There has been a surge of reports where the recipient has received messages through Facebook Messenger from friends/family requesting to use their Pay Pal account to receive funds from the sale of items on EBay. Overall, between 1st June 2020 and 31st July 2020 a total of 95 reports have been made which specifically mention that the item sold was a camera.
Messages are sent by fraudsters purporting to be friends/family stating that they have sold a camera on eBay but that they are unable to process the payment as they either do not have a Pay Pal account or because their Pay Pal account is not working. The request is that the message recipient receives the funds into their own Pay Pal account, then, after transferring it into their own bank account, they forward it onto an account controlled by the fraudster.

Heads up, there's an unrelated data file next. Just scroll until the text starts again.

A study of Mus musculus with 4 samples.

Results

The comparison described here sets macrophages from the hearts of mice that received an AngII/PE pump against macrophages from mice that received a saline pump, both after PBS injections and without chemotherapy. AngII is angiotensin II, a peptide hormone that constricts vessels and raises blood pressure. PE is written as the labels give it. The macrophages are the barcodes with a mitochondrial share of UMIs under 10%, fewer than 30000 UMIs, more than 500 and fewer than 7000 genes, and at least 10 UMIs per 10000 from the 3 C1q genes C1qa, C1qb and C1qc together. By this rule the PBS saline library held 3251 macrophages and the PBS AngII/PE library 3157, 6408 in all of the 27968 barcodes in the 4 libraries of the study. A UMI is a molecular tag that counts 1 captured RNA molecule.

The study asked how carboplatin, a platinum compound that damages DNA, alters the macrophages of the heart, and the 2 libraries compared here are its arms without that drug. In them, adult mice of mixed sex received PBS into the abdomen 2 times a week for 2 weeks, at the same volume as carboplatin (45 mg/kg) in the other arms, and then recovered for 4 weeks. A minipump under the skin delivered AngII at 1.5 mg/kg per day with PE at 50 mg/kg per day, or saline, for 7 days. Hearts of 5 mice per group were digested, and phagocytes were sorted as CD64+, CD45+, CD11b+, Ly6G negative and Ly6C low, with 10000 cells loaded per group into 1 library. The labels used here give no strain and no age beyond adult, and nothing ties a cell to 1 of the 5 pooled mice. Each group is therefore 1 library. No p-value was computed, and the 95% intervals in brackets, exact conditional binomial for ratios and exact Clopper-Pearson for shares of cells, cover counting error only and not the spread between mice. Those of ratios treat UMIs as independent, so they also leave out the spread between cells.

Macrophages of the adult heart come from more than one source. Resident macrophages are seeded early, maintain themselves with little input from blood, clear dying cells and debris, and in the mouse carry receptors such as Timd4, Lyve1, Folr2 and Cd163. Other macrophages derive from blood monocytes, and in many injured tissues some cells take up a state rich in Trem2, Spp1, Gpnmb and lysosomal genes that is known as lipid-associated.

If the victim agrees the payment is transferred into their Pay Pal account but, after the money is transferred out, the initial transaction is reversed leaving the account in negative balance.
Multiple reports have also been received from victims stating that their Facebook Messenger accounts have been hacked and that these fraudulent messages have been sent to all their contacts on their behalf.
The total reported loss for these reports is £44,035
What you need to do:
Verify financial requests: Be wary of unusual messages asking for assistance with financial transactions. Even if the message appears to be from someone you know and trust, you should check it’s really them
that sent the message by calling them or speaking with them in person.
Unusual financial requests: Never respond to any requests to send money, or have money transferred through your account, by someone you don’t know and trust.
Secure your accounts: You can protect your important online accounts by using a strong separate password and, where available, turn on two- factor authentication (2FA).
If you have made a payment: Inform your bank, or payment service provider, such as PayPal, as soon as possible. They can help you prevent any further losses. You should also monitor your bank statements regularly for any unusual activity.